When you have a complicated medical condition, keeping track of all the doctors’ appointments, tests, medications, prescription renewals, insurance questions and myriad other details can feel like a full-time job. Managing your own care on top of doing your best to battle fatigue, pain and a raft of other symptoms can be downright exhausting. Managing a loved one’s care can be exhausting, too.
Not everyone can afford an Aging Life Care™ Manager to take the load off. Here are some key strategies, based on our years of experience, that can help you to keep better track of all the moving parts.
One of the most time-consuming aspects of managing a complex disease is dealing with a variety of medical specialists. They may be part of the same healthcare system or different systems; if the latter is true, more time is involved with sharing medical records and insuring that the specialists communicate with each other. A few tips:
- Create an easy note-taking system that enables you to keep track of what was said in each appointment, relevant test results, and any other observations you want to share with the physician. You may want to keep a notebook or maintain your record electronically on a smart phone or tablet. Explore apps such as CareSync or CareZone that streamline personal health record-keeping. This will help you to manage important details between and across specialists’ appointments.
- Make sure that all healthcare consents are in place so that the specialists can consult with each other. Without permission, especially across systems, they will not be able to share confidential medical information.
- Have someone accompany the patient who also knows his or her medical story and is good with details. This might be you, another family member, or a friend. If you are the patient, and you’re having difficulty keeping track of all the details, then bring someone along who can fill in the blanks.
- Bring a written summary of the patient’s relevant medical history along to appointments with specialists, especially if they are new to the case. This will save everyone time, and allow you to think ahead about key details that must be mentioned. When creating the narrative, keep these points in mind:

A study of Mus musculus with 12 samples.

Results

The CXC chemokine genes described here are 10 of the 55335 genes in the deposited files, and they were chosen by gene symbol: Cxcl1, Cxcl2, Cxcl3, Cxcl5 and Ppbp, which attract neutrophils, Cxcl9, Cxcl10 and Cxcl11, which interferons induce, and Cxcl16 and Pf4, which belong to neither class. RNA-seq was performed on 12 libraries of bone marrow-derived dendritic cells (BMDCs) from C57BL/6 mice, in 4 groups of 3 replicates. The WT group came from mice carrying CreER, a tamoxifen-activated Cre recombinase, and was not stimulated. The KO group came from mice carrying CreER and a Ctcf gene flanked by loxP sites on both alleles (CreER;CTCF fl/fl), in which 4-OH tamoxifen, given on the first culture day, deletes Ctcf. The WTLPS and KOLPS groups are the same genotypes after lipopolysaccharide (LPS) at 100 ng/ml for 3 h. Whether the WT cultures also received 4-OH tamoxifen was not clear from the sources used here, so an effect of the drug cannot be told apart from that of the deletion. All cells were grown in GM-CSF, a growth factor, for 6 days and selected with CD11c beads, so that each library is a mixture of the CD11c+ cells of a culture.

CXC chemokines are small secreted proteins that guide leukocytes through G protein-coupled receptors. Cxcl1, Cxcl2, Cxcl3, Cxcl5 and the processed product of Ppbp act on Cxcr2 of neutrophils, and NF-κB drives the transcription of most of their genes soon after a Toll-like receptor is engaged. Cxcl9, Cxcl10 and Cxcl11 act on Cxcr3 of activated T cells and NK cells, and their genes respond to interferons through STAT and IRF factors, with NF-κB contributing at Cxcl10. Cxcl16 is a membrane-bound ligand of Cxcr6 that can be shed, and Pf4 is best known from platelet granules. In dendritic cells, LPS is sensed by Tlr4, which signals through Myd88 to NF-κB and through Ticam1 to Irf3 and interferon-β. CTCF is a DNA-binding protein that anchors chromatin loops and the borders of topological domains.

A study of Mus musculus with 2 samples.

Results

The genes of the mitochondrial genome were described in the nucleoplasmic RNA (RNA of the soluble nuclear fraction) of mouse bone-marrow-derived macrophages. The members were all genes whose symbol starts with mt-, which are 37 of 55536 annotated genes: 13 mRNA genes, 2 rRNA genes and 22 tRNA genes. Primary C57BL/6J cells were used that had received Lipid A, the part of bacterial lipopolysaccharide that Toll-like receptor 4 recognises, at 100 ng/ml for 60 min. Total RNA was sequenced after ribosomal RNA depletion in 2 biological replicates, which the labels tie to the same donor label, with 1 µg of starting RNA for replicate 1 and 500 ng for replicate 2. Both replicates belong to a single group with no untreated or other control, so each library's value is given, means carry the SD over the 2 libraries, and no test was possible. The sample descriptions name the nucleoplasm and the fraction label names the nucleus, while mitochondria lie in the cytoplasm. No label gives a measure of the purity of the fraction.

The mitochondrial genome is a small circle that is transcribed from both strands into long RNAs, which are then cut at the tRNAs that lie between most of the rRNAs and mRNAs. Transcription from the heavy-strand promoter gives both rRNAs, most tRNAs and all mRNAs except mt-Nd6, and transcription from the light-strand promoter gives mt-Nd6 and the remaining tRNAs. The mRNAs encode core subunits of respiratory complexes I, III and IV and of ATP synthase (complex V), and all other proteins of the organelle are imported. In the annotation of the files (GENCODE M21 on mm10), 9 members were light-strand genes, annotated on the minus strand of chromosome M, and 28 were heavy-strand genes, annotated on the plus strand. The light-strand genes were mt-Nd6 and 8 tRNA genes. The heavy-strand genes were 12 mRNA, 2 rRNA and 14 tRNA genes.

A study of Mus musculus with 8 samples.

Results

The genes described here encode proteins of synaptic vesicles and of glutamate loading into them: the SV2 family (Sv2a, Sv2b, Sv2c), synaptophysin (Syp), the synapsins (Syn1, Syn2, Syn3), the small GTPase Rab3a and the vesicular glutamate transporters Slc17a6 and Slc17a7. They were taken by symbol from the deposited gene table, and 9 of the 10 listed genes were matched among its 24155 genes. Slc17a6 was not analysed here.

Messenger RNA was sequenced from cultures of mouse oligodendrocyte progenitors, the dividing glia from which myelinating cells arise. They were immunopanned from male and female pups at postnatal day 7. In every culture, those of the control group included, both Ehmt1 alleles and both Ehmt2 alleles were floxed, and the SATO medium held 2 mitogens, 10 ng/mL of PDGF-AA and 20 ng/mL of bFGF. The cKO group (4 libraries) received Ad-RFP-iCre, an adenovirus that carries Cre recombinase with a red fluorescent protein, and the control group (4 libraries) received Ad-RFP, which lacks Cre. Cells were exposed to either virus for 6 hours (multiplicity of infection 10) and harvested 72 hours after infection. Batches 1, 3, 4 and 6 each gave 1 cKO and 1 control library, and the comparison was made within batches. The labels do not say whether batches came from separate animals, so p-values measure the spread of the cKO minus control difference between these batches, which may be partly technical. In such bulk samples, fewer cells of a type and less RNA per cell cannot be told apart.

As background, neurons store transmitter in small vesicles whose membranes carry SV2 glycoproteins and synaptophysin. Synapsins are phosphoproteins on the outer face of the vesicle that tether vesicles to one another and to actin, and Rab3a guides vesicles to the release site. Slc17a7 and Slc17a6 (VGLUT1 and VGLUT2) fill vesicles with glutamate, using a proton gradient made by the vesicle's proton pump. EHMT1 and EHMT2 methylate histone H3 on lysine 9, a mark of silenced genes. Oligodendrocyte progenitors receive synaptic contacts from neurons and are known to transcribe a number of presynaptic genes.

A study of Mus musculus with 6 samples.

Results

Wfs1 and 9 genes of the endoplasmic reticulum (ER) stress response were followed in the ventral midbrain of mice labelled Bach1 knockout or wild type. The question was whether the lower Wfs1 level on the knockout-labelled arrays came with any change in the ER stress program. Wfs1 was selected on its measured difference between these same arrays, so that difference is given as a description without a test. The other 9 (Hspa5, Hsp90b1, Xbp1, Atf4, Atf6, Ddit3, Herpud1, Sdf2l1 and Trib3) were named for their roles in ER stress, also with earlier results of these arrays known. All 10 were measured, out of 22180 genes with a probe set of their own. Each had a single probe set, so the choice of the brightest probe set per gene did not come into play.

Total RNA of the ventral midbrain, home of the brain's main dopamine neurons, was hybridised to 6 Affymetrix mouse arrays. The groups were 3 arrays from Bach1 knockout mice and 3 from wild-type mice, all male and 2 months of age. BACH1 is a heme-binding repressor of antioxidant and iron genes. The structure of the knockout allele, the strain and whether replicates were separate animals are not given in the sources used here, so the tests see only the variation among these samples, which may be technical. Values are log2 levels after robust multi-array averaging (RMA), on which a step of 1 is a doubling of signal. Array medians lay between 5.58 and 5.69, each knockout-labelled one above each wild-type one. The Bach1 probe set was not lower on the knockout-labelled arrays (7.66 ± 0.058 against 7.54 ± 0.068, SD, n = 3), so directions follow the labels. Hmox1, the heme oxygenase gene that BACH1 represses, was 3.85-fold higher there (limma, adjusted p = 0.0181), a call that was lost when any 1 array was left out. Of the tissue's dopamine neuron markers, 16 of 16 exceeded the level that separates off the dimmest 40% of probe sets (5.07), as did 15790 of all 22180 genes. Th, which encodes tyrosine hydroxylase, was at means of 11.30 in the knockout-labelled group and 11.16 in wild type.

- You only need a concise summary of the medical history; don’t write a full biography. The past six months to a year of details will be enough. Confine the rest of the past history to one paragraph.
- Include a list of medications that have worked and those that have not.
- List the other doctors that the patient has seen.
- List previous relevant treatments and outcomes.
- Bring a list of questions that you want answered. Be sure you get the answers before you leave!
- If possible, when there are many specialists involved and important decisions to be made, request a group meeting. This may be easier to accomplish when all the specialists are in the same healthcare system. In any case, it does not hurt to ask. You must be your own best healthcare advocate.
If you are feeling overwhelmed by all of this, and hiring an Aging Life Care Manager exceeds your budget, consider one other option: a consultation with an Aging Life Care Manager can help you, your loved one and family to sharpen your care coordination skills and identify community support services that may be affordable or even free.
And be sure to do your own cost-benefit analysis; especially if you are taking time off from work in order to provide care management for a loved one, and losing income as a result, you may just find that hiring a professional will save you money, time and much stress in the long run.
President of Deborah Fins Associates, PC, since 1995, Deborah Liss Fins is a licensed independent clinical social worker and certified Aging Life Care™ manager. Drawing on more than 30 years of professional experience in aging life care management, DFA offers comprehensive assessments and planning, guidance in selecting appropriate care, help identifying resources for financial support and professional consulting. Please contact us to set up a complimentary initial telephone consultation.
For more on coping with aging, follow us on Twitter: @DeborahFinsALCM.